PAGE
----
Sunday, 28 January 2018

Closing pubs in Carlisle

In the old days, pubs rarely closed because they had no custom. They were forced to close, by local authorities determined to reduce the number of licensed premises.

Closing pubs was seen by some as a way of reducing remptation, by the more fanatical as a way of eventually closing them all. So it's no surprise that reducing the number of licences was one of the tactics they used in Carlisle.

"Purchase area — excluding the Maryport extension1 — four breweries, 207 "on" licences,2 and 20 "off" licences. Up to the end of 1918, of the total of 227 "on" or "off" licences, 104 had been suppressed as redundant or undesirable. In Carlisle, also, the "off" sale of spirits was withdrawn from a number of houses which were not dislicensed. That apart, the sale of liquor ceased entirely in 45 per cent, of the total number of licensed premises in the area.

Take Carlisle alone. In the ten years, from 1905 to 1915, eighteen licences were suppressed. The Board, under State Purchase conditions, speedily made a net clearance of fifty in the city.3 The houses closed were mainly those in back streets or in the narrow courts characteristic of the ancient part of the city, structurally unsuitable and difficult for the police to supervise properly. the simple act of closing houses of this type was a definite contribution to public order.

All "grocers' licences" were abolished. Mixed trading in groceries and intoxicants was stopped throughout the area. There were eight "grocers' licences" in Gretna-without-the-Township and ten in Carlisle District. Of those in Gretna-without-the-Township, seven were discontinued, and in the eighth instance the sale of groceries was abandoned. Of those in Carlisle, seven were discontinued; in the other three instances the sale of groceries was given up.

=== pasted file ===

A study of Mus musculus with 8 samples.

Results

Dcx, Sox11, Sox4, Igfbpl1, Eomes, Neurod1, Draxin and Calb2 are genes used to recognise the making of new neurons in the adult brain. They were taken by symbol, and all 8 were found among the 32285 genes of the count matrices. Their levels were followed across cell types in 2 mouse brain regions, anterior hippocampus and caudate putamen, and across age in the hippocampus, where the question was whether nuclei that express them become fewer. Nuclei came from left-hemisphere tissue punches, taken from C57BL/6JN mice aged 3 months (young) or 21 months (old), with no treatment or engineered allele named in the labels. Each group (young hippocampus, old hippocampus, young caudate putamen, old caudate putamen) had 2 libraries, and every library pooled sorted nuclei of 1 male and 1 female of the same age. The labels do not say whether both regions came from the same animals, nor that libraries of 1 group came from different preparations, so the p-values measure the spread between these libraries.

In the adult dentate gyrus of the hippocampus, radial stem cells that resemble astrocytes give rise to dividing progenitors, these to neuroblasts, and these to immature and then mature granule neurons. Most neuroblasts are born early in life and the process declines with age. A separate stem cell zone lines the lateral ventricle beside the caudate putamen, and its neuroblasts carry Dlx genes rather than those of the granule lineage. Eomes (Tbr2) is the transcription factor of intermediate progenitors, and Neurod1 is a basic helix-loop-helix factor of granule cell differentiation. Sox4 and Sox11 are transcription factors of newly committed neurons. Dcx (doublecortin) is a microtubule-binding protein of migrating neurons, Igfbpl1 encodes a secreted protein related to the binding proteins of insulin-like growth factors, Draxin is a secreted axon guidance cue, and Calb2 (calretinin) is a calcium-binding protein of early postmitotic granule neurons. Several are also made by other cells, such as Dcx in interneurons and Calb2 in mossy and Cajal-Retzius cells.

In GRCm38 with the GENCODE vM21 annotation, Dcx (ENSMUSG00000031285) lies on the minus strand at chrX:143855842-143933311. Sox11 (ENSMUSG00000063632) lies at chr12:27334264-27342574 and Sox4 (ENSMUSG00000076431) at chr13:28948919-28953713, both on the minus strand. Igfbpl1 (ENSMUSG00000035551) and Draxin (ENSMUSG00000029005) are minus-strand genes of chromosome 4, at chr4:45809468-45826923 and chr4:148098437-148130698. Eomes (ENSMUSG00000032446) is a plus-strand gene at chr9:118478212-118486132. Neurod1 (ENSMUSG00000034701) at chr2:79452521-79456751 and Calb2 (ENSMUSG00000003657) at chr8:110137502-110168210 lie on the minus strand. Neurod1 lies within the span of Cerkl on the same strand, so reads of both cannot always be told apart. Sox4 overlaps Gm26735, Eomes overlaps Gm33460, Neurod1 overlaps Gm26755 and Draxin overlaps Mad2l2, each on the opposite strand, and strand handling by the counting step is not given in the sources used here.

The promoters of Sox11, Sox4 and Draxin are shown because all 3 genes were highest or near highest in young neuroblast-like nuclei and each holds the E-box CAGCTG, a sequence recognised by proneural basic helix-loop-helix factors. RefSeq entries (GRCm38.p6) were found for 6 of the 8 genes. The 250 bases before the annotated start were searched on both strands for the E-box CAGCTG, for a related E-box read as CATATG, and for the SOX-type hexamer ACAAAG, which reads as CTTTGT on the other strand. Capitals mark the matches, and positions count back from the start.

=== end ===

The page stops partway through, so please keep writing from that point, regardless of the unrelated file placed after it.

The concentration of business also made it possible to close two of the four Carlisle breweries.4

2. Further Restrictions on the Sale of Spirits.-—(1) At the request of the Gretna authorities the Board stopped the sale of spirits at Longtown and a few village public-houses near the Factory. The Longtown prohibition took effect in mid-December, 1916, and remained in force until the autumn of 1917.

1 The Maryport extension is excluded from these statistics because the process of transfer from private to public ownership was incomplete at the time of publication.

2 At the close of 1918 there were four licensed proportion in Carlisle which had not boon acquired by the Board, viz. the County Hotel, the Crown and Mitre Hotel, the Red Lion, and the Silver Grill.

3 the actual number of licences suppressed by the Board in Carlisle itself, from July, 1916 to October, 1918, was 53. New licences were given to the Gretna Tavern and the London Tavern; and the Station Refreshment Rooms, which were formerly worked under the County Hotel licence, received a separate licence.

4 These four were the Carlisle Old Brewery, the Carlisle New Brewery, Iredale's, and the Queen's. The two latter were closed.
"The Control of the Drink Trade" by Longmans, Green & Co., London, 1919, page 209 - 210.
Only one of the breweries really remained open, the Old Brewery. The New Brewery was just a bottling plant.

Fascinating which licensed premises weren't purchased. Two presumably nice hotels, what sounds like a posh restaurant and just one that sounds like a pub. Just done a quick search and it seems there was a Red Lion Hotel in Carlisle. Which is a currently a listed building, so I'm guessing it was pretty posh. Looks to me like they only went for the working-class places.

1 comment:

Sheffield Hatter said...

Thanks for this interesting series on the Carlisle state scheme. It's been absorbing.